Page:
Wednesday, April 29, 2009

Allen County Local Rules: Filing Motions

Once more into Local Rules with motions, those documents that we file with a court to get them to do something. To me this Rule is pretty much self-explanatory but I have added some comments for non-lawyers.

LR02-TR7-706 Motions
(1) It is the responsibility of the party that files a motion to schedule the motion for hearing on the Court’s calendar. If the parties agree that the Court should rule on the motion without a hearing, then the parties shall file a stipulation requesting the Court to rule on the motion without a hearing.

How to set a hearing? Call the court and get dates and times the court is available and then call opposing counsel and then call back the court. If the telephone line has conference calling, then use that and have the court and opposing counsle on the line at the same time.

I would also point out that some counties and some judges do not set motions for a hearing. Some judges cannot fight the temptation of a signature line so they sign off on any motion. Which means where one might have some defense or opposition to a motion that defense is lost.

I think a few points can be made about the following subsection.
(2) If a motion is set for hearing, notice of the hearing shall be given within the time limits provided by Trial Rule 6(D). Any written response to a motion set for hearing shall be filed within the time limits provided in Trial Rule 5(A), unless the hearing is set within ten days or less from the date the motion was filed, in which case the response may be filed at or before the hearing. Any other pending motion or motions may be heard at the same time as the previously scheduled motion, if time permits, and subject to notice of hearing being served on the opposing party or parties pursuant to the provisions of Trial Rule 6 (D).
First, it is not clear who prepares the notice of hearing - the filing party or the court. I think the better practice would be including the time and date for the hearing an Order.

Second, it appears that the folks in Fort Wayne provided for a time to respond to a motion. Why is this important? Let just say that in Madison County it seems to depend on the particular judge and their mood as to whether or not they will request a response to a motion.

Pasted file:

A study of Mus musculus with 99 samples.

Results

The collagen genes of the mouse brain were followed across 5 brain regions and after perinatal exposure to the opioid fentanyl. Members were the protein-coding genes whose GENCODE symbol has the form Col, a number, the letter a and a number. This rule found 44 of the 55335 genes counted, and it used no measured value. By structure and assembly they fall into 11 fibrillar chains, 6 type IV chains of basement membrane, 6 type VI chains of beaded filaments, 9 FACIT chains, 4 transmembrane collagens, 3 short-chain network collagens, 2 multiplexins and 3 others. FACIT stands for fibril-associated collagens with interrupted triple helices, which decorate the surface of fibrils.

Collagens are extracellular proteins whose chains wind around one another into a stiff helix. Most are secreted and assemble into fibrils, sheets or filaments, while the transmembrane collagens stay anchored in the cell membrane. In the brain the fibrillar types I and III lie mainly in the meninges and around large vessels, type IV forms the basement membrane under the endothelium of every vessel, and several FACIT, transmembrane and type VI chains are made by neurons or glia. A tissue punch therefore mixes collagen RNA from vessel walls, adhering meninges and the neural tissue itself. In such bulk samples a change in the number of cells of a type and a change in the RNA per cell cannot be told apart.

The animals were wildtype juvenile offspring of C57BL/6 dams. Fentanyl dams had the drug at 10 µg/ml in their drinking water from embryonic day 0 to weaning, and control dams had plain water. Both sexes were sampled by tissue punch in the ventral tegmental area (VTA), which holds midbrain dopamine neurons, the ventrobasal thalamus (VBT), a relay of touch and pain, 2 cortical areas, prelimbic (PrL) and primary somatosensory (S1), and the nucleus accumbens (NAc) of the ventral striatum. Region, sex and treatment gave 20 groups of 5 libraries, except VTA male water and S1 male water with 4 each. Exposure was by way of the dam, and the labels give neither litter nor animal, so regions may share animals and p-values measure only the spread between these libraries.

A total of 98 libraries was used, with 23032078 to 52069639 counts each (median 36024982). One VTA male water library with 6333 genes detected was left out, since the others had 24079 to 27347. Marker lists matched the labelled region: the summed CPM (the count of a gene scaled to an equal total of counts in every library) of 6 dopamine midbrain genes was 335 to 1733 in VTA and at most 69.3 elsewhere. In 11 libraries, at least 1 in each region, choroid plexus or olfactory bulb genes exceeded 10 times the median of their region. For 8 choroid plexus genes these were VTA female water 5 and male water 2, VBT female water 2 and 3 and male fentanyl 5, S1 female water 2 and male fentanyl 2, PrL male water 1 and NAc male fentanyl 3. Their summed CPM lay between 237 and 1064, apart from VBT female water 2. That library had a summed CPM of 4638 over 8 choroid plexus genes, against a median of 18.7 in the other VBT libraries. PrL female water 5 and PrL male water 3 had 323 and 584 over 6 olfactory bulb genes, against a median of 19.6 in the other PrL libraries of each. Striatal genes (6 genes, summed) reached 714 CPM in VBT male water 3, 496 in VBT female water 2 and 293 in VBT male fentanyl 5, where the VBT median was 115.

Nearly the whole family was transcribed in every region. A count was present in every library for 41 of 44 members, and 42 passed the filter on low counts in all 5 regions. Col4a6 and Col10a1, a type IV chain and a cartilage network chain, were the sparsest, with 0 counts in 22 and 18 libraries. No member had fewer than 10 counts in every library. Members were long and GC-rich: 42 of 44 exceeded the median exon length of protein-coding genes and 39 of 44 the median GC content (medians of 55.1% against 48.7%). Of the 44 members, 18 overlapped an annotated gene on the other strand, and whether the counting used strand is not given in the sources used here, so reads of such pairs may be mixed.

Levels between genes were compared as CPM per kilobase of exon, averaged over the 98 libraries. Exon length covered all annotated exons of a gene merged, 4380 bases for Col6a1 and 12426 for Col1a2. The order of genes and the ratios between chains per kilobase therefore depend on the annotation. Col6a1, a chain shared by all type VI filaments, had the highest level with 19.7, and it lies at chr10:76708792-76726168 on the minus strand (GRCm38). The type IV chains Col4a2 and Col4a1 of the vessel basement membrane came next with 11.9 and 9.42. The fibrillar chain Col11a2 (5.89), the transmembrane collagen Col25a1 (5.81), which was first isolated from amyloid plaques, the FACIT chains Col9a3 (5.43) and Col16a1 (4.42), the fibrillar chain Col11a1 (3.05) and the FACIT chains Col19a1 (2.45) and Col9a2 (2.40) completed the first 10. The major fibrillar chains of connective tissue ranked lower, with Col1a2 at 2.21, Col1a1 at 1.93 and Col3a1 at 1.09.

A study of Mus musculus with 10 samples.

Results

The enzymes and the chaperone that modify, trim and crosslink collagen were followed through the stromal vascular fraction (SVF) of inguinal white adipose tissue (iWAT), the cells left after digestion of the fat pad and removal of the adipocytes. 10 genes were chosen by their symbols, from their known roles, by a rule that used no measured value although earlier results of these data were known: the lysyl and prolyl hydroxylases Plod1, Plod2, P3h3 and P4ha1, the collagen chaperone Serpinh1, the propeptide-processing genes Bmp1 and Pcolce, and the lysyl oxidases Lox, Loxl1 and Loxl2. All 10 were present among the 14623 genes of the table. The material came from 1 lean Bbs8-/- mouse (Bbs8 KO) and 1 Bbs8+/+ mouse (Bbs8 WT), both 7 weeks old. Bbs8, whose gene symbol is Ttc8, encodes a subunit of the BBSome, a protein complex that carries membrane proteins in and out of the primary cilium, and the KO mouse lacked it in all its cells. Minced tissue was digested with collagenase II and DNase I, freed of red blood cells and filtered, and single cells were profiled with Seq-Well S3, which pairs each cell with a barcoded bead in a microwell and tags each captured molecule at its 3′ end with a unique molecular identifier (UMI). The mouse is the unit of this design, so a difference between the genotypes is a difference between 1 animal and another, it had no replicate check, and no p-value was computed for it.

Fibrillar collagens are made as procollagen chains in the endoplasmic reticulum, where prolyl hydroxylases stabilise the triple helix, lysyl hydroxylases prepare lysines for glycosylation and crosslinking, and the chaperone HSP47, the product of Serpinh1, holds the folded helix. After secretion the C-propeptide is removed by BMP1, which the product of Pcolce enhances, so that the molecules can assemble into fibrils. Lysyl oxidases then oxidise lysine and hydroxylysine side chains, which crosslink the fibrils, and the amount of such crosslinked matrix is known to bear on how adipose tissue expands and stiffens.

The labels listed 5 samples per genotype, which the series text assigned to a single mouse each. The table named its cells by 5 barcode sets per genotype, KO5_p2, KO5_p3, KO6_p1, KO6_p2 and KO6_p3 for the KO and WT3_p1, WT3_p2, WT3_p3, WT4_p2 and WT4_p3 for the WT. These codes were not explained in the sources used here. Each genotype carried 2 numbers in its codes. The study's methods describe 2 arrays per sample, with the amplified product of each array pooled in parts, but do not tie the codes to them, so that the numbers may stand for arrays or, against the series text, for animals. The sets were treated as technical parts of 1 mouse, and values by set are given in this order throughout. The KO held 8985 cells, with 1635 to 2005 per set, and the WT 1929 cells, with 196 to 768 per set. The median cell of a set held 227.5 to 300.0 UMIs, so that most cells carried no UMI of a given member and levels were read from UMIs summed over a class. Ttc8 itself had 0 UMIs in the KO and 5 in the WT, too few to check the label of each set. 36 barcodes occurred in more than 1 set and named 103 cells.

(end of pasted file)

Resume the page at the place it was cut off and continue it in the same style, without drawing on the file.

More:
About those cross-references to the Indiana Trial Rules, here is the language of the Rules.

(D) For motions - Affidavits. A written motion, other than one which may be heard ex parte, and notice of the hearing thereof shall be served not less than five [5] days before the time specified for the hearing, unless a different period is fixed by these rules or by order of the court. Such an order may, for cause shown, be made on ex parte application. When a motion is supported by affidavit, the affidavit shall be served with the motion; and, except as otherwise provided in Rule 59(D), opposing affidavits may be served not less than one [1] day before the hearing, unless the court permits them to be served at some other time.

In.Tr.R. 5(A):

Rule 5. Service and Filing of Pleading and Other Papers

(A) Service: When Required. Unless otherwise provided by these rules or an order of the court, each party and special judge, if any, shall be served with:

(1) every order required by its terms to be served;

(2) every pleading subsequent to the original complaint;

(3) every written motion except one which may be heard ex parte;

(4) every brief submitted to the trial court;

(5) every paper relating to discovery required to be served upon a party; and

(6) every written notice, appearance, demand, offer of judgment, designation of record on appeal, or similar paper. No service need be made on parties in default for failure to appear, except that pleadings asserting new or additional claims for relief against them shall be served upon them in the manner provided by service of summons in Rule 4.

Remember, if you want more information about retaining me for a case, please give me a call at 765-641-7906. For Allen County, I will go to Fort Wayne for divorces, custody cases, and grandparent visitation case.